Sunday, 22 March 2009
The usually remarkable Sofi's Stitches has produced a real howler. How could they get it so wrong after designing such gems as the 'Avon Jupon' of Flanders (which one of our posters wears proudly) and the beautiful 'Toledo' gown of the late Italian Renaissance?
I don't know, but somehow they fucked up the Northern Renaissance. This is my absolute FAVOURITE period of women's clothing and I was delighted when I heard they'd made a German gown. Then I saw this.
Most people have no clue what the Germans were wearing in the Renaissance, so here are a few links for you. The prolific Lucas Cranach the Elder painted many women, from contemporary nobles to religious figures, with pleated, striped skirts and puffed, slashed sleeves. Here is my favourite, a Mary Magdalen in a landscape. This is Salome, displaying poor Johnny's head while wearing the hautest fashions of the day. These are three Saxon princesses, painted in 1525-30 (the same as the supposed period of Sofi's blunder). Seeing a pattern?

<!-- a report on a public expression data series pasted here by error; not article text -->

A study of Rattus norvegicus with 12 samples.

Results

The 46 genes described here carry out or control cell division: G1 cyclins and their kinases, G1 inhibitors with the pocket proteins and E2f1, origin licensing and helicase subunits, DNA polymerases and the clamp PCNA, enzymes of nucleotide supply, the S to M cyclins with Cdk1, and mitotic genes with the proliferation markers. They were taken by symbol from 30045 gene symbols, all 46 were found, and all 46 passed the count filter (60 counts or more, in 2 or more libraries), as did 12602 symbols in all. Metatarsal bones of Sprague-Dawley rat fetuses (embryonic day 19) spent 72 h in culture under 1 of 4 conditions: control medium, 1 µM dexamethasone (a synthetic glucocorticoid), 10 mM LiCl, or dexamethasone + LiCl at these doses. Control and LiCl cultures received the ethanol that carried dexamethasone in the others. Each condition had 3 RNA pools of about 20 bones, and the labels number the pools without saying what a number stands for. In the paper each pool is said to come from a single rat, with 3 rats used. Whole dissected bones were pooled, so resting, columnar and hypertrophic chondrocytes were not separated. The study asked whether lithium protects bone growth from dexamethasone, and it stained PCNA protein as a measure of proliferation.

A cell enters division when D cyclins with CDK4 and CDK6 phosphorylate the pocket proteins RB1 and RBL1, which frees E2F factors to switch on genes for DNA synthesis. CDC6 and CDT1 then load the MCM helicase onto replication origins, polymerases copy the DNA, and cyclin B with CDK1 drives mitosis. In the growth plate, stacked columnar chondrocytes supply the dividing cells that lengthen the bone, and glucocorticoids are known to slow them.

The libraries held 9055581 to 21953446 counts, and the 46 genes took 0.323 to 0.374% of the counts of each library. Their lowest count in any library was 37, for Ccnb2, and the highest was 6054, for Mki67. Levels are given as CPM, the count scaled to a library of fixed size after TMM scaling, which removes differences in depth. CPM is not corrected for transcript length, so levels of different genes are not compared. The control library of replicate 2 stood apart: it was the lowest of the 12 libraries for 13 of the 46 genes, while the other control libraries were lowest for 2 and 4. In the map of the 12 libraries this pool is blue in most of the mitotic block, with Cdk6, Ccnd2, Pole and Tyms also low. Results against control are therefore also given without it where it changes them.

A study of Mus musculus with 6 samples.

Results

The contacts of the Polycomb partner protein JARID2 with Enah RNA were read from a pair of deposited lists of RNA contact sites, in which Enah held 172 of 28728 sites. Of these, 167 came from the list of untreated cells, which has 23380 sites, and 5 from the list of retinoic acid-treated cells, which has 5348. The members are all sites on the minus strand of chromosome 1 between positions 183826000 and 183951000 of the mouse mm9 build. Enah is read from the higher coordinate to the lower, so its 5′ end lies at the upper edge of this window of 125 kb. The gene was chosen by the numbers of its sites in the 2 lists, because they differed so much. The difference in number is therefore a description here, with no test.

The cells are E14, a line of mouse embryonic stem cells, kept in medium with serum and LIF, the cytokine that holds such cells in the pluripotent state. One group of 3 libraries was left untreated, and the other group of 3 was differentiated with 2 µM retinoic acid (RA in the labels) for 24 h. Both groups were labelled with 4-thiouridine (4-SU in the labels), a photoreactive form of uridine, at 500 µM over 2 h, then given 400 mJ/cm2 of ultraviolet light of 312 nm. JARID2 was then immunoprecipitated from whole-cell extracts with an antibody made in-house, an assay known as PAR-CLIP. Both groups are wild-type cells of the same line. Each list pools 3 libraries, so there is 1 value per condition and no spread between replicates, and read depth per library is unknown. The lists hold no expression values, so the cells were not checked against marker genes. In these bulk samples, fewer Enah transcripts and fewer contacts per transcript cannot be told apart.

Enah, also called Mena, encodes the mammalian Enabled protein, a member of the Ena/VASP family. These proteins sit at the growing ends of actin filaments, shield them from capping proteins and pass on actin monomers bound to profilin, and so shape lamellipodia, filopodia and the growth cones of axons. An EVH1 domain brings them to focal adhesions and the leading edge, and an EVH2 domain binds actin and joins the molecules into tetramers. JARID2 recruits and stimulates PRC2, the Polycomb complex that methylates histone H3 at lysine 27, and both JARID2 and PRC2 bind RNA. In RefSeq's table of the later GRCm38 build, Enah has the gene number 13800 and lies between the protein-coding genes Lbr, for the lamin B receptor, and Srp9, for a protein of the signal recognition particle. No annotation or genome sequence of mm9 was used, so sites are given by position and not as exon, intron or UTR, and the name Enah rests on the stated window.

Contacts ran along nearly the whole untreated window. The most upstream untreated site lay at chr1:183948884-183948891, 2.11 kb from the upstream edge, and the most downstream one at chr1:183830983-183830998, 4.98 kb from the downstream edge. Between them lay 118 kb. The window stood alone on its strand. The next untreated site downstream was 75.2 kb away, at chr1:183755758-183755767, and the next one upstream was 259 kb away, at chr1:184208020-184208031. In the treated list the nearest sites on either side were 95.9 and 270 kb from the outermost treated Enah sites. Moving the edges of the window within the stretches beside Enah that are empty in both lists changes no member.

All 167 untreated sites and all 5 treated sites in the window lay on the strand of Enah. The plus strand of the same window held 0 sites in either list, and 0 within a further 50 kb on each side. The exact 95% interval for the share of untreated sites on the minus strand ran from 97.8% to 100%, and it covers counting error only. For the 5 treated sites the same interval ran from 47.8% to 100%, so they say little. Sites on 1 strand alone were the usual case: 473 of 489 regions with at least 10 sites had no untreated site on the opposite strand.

Skirts have seams at the waist and are pleated. They've got stripes like Miss Magdalen's, and more stripes indicate a higher position in society (so, Sofi's velvet-clad damsel must be a serf!) Noblewomens' gowns consist of a brocade panel across the bust and black lacing over a white panel below. Nowhere in Northern Renaissance art do we see a princess line overdress with a v-neck plunging down to there and a separate inset piece beneath it.
It's not an ugly dress. It would be fine as a fantasy gown. But it's no more suitable for SCA than Disney's Snow White.